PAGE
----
Co-founder stops by Ben & Jerry’s
September 17, 2013
By Peter Clark
Jerry Greenfield, the titular co-founder of Ben & Jerry’s ice cream, stopped by the Issaquah Highlands Sept. 13 to share his support for labeling genetically modified foods.
Hosted by State Sen. Mark Mullet, who owns a Ben & Jerry’s franchise on 10th Avenue Northeast, Greenfield showed up to lead an event bringing attention to state Initiative 552, which would mandate food producers to label genetically modified foods if passed on the November ballot.
“We’ve been in the area for a week, scooping out free Ben & Jerry’s and having a grand time,” Greenfield said. “Ben & Jerry’s is courting yes on I-552.”
He said Ben & Jerry’s has always used natural ingredients in their products. As a business and consumer practice, he said it just made sense.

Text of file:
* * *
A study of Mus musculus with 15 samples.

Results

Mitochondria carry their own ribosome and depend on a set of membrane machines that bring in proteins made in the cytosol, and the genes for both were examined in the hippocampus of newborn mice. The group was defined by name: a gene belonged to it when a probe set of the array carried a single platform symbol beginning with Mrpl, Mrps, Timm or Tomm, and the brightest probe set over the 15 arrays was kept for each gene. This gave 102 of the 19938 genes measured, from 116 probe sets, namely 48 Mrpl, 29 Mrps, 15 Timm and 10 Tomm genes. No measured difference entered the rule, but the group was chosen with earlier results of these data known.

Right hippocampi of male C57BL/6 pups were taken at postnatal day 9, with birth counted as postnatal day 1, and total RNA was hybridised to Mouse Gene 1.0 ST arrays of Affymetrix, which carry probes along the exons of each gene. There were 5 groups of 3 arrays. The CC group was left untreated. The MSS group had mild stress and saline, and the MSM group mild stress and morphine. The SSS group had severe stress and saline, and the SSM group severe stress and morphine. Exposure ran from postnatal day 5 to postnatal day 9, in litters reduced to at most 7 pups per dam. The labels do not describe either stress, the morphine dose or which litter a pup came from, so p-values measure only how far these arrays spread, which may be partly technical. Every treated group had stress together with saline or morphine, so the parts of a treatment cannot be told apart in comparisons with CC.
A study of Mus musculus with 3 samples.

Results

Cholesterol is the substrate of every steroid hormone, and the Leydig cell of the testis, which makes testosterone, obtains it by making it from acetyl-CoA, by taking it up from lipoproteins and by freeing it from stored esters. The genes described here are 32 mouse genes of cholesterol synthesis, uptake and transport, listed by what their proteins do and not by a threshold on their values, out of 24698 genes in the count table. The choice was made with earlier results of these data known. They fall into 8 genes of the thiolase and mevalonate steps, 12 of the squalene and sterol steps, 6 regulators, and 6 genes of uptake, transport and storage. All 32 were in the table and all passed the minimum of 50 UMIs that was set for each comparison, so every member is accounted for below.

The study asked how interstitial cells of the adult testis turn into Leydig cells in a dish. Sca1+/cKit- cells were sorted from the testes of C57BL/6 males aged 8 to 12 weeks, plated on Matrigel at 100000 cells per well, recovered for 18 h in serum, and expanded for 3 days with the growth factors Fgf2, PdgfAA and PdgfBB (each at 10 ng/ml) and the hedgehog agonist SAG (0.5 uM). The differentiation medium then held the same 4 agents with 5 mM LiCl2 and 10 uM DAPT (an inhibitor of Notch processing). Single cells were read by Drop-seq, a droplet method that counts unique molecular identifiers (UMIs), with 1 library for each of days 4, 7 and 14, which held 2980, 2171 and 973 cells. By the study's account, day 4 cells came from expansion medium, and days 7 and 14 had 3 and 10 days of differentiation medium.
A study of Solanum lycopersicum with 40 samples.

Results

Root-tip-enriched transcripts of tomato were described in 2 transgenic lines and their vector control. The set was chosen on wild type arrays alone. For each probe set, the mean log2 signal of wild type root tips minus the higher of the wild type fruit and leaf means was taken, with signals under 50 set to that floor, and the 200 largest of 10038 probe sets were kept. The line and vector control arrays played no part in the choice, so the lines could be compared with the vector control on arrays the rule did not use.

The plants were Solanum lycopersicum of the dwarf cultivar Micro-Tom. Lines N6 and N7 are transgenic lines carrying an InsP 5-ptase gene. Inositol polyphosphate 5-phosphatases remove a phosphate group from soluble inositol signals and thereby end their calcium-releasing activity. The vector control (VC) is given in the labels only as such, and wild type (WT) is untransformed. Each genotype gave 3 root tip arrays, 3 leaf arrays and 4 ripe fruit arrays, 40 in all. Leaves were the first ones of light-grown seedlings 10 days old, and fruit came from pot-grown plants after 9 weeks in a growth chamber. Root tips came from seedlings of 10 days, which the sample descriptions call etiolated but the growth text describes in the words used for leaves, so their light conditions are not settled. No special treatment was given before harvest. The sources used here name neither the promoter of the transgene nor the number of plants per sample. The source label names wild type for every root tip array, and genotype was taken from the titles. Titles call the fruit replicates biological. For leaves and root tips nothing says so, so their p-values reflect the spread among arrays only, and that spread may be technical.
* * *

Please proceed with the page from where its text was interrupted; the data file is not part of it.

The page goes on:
“I think among normal people this is a very common sense idea,” he said. “They like the idea of having transparency in the food they eat.”
Mullet stood along side Greenfield as an outspoken supporter of the initiative.
“I support it,” Mullet said. “This is just trying to make people make more informed decisions. And if enough states start labeling it, then maybe it will all catch on.”
A legislative petition was passed earlier in the year. The House and the Senate decided not to act on it, leaving the choice up to the voters. Working in the Legislature, Mullet said he heard what the opposition had to say.
“I got both sides in Olympia,” he said. “Having lived in Europe for five years, I view this as a very soft thing. This is just letting customers make better choices.”
He gladly hosted Greenfield in the store, offering free ice cream, to jointly promote voting yes on Initiative 522.
Greenfield said he believed the initiative would echo the business model that Ben & Jerry’s tried to provide.
“Just the idea of being open and honest with your customer, that turns out to be a good thing,” he said.